Tags: dogs | health | aging | senior

Dogs Found to Help Seniors Stay Healthy

Wednesday, 09 Oct 2013 05:04 PM

By Nick Tate

 
Newcastle University researchers found remote-monitoring of a dog's behavior — how much he is moving around, barking, sitting, digging, and doing other things dogs do — can be used as an early warning sign of an older owner's health and well-being.
 
"A dog's physical and emotional dependence on their owner means that their well-being is likely reflect that of their owner," said lead researcher Cas Ladha, M.D. "And any changes such as the dog being walked less often, perhaps not being fed regularly, or simply demonstrating 'unhappy' behavior could be an early indicator for families that an older relative needs help."

 
"In order to set the benchmark we needed to determine which movements correlated to particular behaviors, so in the initial studies, as well as the collars, we also set up cameras to record their behavior," explained Dr. Ladha.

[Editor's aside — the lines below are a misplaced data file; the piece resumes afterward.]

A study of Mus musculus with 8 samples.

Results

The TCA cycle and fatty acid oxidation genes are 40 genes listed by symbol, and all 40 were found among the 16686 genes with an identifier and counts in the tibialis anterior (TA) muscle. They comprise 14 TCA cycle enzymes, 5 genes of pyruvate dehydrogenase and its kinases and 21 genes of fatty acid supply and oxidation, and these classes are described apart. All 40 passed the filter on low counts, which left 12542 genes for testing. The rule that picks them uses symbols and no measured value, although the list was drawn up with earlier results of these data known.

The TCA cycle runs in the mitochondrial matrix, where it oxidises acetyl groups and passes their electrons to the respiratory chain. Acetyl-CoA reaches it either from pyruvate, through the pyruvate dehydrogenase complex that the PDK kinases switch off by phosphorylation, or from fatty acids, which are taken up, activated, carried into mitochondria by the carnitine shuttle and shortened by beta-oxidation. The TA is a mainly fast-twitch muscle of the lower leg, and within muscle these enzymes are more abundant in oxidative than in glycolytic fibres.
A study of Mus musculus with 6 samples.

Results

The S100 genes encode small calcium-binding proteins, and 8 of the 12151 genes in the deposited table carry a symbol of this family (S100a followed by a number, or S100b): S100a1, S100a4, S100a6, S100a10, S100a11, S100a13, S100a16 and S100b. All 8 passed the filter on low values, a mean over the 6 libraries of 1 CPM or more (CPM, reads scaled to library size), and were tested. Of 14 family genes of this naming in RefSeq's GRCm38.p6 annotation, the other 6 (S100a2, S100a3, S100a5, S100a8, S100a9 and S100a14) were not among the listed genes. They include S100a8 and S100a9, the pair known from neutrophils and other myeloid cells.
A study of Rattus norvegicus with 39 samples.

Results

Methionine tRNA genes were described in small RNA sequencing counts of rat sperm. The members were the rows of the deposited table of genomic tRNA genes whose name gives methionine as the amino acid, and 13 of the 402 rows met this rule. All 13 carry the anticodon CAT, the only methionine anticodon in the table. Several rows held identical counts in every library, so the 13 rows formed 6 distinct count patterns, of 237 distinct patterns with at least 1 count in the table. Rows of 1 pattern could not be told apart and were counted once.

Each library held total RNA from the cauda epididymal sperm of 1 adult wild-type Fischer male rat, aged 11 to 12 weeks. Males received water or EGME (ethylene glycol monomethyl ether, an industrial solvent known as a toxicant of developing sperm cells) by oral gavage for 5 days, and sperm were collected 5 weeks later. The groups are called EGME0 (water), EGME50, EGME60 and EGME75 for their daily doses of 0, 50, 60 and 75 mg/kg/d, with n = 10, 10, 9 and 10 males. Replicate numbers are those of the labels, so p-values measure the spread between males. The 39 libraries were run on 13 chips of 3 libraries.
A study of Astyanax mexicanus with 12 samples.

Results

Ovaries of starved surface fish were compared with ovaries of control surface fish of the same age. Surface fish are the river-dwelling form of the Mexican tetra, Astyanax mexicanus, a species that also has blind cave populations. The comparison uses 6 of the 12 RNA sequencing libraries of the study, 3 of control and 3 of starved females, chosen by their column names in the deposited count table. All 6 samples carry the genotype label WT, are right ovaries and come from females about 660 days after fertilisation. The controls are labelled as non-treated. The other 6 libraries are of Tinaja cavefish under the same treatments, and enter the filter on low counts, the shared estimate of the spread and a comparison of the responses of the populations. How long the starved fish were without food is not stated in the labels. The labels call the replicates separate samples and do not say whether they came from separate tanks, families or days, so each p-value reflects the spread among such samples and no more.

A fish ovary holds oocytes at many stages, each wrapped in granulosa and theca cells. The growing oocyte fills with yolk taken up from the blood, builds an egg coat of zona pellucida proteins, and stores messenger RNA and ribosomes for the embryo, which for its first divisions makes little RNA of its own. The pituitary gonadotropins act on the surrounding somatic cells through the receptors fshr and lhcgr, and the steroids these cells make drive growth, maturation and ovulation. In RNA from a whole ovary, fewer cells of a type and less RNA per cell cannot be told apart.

By tracking the dogs' behavior, the Newcastle team was able to classify 17 distinct dog activities such as barking, chewing, drinking, laying, shivering, and sniffing.
 
"This is the first system of its kind which allows us to remotely monitor a dog's behaviour in its natural setting," the researchers said.
 
"But beyond this it also presents us with a real opportunity to use man's best friend as a discreet health barometer. It's already well known that pets are good for our health and this new technology means dogs are supporting their older owners to live independently in even more ways than they already do."